Unfold material research project by Studio Lionne van Deursen

Studio Lionne van Deursen exhibits material created by microorganisms at Milan Design Week

Material research firm Studio Lionne van Deursen has showcased its Unfold designs, made from a material created by bacteria, as part of the Isola Design District exhibition at Milan Design Week.

The studio created the three-dimensional Unfold designs using a biofilm made from bacterial cellulose – a symbiotic culture of microorganisms and yeast that becomes solid when dried.

Folded material samples by Studio Lionne van Deursen
Studio Lionne van Deursen's Unfold project comprises a material made by microorganisms

"Bacterial cellulose is made using yeast and bacteria in a fermentation process," studio founder Lionne van Deursen told Dezeen.

"The bacteria are fed by a sweetened green tea," she added. "During this process, bacteria spin nanofibres of cellulose and produce a layer on the surface. When this layer has dried, it becomes a solid material."

Geometric forms created with a biodegradable material created by Studio Lionne van Deursen
The project tests the ways in which the material sheets can be folded

Studio Lionne van Deursen has previously created a lamp collection, Imperfect Perfection, from the same material, and now aimed to investigate how the biofilm could be used to create more complex shapes.

For Unfold, it used simple folding techniques to produce dynamic structures that can contract and expand when the material is bent.

"The shapes are an outcome of different folding experiments with a sheet material," Van Deursen said. "By applying geometric folds to the biofilm you can make different folding patterns. These folded grids can be bent in different positions to create a variety of shapes."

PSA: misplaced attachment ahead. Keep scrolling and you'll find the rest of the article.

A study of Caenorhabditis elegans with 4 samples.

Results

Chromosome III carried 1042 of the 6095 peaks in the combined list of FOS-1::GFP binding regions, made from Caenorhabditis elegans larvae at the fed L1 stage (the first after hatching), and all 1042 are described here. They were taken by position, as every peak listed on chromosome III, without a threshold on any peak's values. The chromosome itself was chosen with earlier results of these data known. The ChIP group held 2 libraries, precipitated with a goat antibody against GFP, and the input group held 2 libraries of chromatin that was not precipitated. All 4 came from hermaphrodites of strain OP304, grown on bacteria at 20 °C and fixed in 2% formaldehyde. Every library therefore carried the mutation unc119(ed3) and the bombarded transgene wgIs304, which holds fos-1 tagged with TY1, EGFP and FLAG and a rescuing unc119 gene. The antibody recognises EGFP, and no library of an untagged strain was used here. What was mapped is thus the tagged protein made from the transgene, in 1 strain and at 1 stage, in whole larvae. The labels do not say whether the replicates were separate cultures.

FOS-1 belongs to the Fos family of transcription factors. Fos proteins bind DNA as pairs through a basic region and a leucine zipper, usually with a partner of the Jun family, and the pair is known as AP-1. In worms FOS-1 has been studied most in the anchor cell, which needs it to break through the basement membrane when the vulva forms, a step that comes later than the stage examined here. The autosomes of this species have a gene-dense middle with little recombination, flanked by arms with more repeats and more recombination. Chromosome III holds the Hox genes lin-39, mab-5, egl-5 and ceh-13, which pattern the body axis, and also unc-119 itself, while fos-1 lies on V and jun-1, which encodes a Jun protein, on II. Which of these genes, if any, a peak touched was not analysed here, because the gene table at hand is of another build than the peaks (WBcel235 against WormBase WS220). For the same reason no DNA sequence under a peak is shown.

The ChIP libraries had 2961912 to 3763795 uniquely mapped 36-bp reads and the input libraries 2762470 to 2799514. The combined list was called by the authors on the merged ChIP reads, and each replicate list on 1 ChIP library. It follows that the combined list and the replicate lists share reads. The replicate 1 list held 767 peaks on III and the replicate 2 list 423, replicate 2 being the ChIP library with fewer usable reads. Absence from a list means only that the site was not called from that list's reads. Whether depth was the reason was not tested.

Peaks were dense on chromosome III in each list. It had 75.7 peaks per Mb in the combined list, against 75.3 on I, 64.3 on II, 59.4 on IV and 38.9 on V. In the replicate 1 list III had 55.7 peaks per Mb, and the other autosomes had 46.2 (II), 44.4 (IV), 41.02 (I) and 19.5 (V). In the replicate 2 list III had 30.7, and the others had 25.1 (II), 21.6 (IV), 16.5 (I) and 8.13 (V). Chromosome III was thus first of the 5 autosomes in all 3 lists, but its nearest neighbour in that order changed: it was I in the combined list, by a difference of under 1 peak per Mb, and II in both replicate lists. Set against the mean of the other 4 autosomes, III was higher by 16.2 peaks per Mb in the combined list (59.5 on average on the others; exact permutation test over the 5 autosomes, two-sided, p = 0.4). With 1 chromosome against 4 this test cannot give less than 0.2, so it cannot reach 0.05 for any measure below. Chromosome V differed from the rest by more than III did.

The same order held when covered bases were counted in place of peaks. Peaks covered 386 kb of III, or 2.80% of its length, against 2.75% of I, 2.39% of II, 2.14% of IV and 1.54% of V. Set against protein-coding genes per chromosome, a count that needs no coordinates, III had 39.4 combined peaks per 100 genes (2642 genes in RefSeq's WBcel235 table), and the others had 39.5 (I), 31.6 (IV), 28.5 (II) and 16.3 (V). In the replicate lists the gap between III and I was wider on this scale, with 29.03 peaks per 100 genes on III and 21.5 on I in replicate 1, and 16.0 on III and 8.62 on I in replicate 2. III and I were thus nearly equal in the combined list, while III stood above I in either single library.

The result of this investigation was a selection of material samples with varying transparencies and a range of colours created by natural dyes.

"The transparency of the material depends on the thickness of the biofilm," Van Deursen said.

"By dyeing this material with natural dyes, different shades are created due to the thickness of the material. The dyes I use are obtained from homegrown fruits and vegetable waste," she continued.

Naturally dyed folded material samples by Studio Lionne van Deursen
The studio used natural dyes to colour the material sheets

The studio believes the material could have multiple applications, with products made from the biofilm being fully compostable at the end of their lives.

"The material can compost and is 100 per cent biodegradable when put in soil," said Van Deursen.

"I’m convinced this material has great potential to have further applications. I’m still doing a lot of research to this material and during experiments I see a lot of new purposes that can be researched."

Biodegradable sheets of a material created by Lionne van Deursen are folded into shapes
A diverse range of three-dimensional shapes were created

Studio Van Deursen is a material research studio conducting experimental research to explore the possibilities of new materials.

"The main goal of the studio is to develop sustainable projects with materials that are not harmful for the environment," the founder said.

"It's not only about environmentally friendly materials, but also about a sustainable production process," she continued. "During the design process, the material is used as efficiently as possible, leaving minimal waste of the grown material."

Other compostable materials featured on Dezeen include Notpla's edible, biodegradable packaging made from seaweed and plants, and a collection of materials made from algae, clay, and foam by Natural Material Studio and Frama.

The photography is by Lionne van Deursen.